One way to disrupt your market is to disrupt your marketing.
What if you set aside the hard-sell persuasion techniques and the broadcasted interruptions, and instead served up a generous portion of radical helpfulness? What if helping people actually became your marketing strategy? Do you think you could still compete and win?
Some brands are doing just that.
One example is Warby Parker, the online seller of eyewear that has disrupted the industry with its helpful business strategy. It is a lifestyle brand that offers value and service with a social mission. The company delivers on its brand promise in unique ways.
For one, Warby Parker’s designer eyeglasses sell for $95 – significantly less than what other retailers charge. Online it is able to emulate the shared, relationship-based shopping experience that people want when they buy glasses.
Its website has a virtual showroom where customers can use the camera on their computer to “try on” frames they are interested in. Then they can select five frames, which Warby Parker will send to their homes for free so they can try them on for real.
That’s when things get social.
Once customers have their home try-ons, they can make a video of themselves with each pair of glasses and share them on Warby Parker’s Facebook page. There they can get comments from employees and fans about which frames look best. Customers can also interact on Twitter. Warby Parker will respond to some tweets with a quickly-shot video to discuss the merits of different frames, giving the customer a one-to-one shopping experience.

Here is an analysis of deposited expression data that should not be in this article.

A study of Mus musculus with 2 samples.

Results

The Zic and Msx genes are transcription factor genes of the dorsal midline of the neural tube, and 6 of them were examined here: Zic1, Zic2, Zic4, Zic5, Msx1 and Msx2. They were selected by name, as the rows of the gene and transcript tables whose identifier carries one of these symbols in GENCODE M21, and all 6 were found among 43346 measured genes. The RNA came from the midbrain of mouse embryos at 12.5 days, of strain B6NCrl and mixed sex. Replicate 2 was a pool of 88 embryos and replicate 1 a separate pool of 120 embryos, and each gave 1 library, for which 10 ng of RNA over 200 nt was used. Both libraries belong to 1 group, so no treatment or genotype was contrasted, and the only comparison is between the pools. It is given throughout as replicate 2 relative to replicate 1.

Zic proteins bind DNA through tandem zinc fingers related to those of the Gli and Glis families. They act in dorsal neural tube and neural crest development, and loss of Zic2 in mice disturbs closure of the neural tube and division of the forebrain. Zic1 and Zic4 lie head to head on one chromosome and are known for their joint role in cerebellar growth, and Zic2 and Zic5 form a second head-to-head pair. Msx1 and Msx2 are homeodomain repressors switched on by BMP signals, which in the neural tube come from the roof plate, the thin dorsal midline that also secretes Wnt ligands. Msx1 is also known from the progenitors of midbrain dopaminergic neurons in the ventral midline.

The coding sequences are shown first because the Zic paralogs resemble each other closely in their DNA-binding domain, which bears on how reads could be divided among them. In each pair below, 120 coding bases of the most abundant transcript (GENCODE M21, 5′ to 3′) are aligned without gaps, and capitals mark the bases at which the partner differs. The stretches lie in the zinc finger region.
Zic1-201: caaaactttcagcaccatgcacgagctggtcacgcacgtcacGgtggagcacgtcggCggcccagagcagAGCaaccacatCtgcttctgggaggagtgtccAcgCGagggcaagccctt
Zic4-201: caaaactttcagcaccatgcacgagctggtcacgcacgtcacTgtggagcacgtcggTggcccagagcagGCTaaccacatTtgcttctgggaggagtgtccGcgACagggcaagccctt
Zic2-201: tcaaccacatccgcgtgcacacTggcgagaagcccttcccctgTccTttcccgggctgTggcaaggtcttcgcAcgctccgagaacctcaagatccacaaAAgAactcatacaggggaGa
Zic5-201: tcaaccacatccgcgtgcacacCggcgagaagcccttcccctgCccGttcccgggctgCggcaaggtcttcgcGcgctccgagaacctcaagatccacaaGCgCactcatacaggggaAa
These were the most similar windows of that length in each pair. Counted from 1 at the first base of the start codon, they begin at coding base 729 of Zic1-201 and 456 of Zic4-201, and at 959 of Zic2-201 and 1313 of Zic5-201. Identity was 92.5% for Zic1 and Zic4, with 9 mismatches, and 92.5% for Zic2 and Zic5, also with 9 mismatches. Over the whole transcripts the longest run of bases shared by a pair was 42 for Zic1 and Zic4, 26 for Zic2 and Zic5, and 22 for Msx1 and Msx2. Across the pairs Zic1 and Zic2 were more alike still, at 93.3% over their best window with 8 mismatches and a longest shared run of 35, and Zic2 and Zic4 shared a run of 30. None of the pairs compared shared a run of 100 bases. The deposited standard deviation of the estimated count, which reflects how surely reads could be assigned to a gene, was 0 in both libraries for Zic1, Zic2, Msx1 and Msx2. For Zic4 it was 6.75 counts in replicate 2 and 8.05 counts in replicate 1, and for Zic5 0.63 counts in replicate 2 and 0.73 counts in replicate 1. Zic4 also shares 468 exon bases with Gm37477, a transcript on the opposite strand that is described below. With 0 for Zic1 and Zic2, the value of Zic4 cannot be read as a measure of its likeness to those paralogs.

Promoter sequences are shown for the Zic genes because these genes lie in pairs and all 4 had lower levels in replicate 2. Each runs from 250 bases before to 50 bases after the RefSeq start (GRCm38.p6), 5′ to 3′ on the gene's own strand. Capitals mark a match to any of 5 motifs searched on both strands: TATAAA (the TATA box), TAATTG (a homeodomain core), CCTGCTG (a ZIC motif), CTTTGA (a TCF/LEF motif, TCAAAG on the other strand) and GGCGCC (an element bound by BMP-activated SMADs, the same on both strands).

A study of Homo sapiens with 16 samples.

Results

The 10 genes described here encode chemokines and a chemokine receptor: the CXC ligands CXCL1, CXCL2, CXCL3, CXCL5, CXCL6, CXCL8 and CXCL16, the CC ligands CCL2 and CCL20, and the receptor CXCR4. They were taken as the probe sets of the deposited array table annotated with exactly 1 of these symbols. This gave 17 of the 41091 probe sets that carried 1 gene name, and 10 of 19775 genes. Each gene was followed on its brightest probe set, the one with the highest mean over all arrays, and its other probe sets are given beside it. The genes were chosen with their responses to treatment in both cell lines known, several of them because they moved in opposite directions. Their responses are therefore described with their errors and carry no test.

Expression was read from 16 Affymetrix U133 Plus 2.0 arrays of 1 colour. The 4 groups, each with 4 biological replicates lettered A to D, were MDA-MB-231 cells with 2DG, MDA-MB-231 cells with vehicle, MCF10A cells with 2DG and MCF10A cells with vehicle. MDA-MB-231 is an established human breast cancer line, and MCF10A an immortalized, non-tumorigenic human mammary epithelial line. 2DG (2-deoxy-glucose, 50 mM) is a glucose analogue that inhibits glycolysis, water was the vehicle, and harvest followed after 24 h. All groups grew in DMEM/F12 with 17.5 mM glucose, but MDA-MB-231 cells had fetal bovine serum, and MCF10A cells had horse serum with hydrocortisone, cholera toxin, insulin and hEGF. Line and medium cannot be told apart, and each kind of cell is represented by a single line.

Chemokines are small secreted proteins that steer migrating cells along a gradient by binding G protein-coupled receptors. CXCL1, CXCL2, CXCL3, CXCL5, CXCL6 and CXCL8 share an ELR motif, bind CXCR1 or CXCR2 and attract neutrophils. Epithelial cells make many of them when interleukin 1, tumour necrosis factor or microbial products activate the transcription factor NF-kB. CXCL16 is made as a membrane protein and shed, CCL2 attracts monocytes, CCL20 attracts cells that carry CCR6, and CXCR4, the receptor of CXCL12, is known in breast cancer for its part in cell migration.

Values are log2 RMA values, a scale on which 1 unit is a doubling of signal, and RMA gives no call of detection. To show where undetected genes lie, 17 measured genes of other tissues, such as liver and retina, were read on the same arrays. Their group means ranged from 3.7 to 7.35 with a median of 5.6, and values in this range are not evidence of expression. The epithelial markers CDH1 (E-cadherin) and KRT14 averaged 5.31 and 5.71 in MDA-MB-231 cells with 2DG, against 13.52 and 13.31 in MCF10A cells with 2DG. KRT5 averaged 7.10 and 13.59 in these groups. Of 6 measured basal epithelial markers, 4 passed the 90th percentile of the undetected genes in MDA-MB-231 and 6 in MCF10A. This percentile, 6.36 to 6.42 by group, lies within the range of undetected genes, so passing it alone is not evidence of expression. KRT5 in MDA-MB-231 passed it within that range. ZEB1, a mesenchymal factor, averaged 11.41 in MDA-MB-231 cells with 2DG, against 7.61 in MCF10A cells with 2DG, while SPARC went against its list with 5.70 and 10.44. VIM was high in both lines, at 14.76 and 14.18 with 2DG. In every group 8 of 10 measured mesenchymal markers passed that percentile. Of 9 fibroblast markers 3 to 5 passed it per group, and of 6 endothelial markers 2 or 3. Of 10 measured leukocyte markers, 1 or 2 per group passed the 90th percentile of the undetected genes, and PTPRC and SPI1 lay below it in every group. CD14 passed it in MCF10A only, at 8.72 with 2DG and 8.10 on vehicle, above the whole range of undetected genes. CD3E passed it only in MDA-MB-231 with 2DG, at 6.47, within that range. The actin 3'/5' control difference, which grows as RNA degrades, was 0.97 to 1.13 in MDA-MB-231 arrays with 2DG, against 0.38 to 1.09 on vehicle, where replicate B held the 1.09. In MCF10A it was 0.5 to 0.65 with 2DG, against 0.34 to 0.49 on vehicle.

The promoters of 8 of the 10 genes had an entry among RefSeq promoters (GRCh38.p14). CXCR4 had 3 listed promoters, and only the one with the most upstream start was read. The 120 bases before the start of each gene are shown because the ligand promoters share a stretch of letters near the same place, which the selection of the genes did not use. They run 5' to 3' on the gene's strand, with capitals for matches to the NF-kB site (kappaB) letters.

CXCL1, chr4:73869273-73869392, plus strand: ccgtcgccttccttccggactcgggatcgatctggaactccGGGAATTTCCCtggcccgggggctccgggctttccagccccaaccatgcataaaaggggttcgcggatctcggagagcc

A second way Warby Parker delivers helpfulness through its brand promise is in its social mission. Every time the company sells a pair of glasses it donates a pair to a person in need. With every purchase, customers can be a part of helping somebody else who needs glasses but can’t afford them.
Helpfulness is a winning strategy
Being helpful demonstrates how you create value in meaningful ways. It is meaningful because it is driven first by the desire to help people. A helpful experience positions your brand and your product as more than a commodity. It makes people feel significant. And they transfer those good feelings to your brand.
Warby Parker’s success shows people will also be moved to buy from you.
The company is currently valued at $1.2 billion and its annual revenue is estimated to be well over $100 million. Even more significant is the long term goodwill and brand loyalty they’ve built by being helpful.
Helpfulness is more powerful for building organic awareness than traditional branding that focuses on media impressions. Because it touches the human heart by making people feel important, it earns the trust, loyalty, respect and awareness of those who might buy from you.
The helpful brand wins the heart and wins the customer.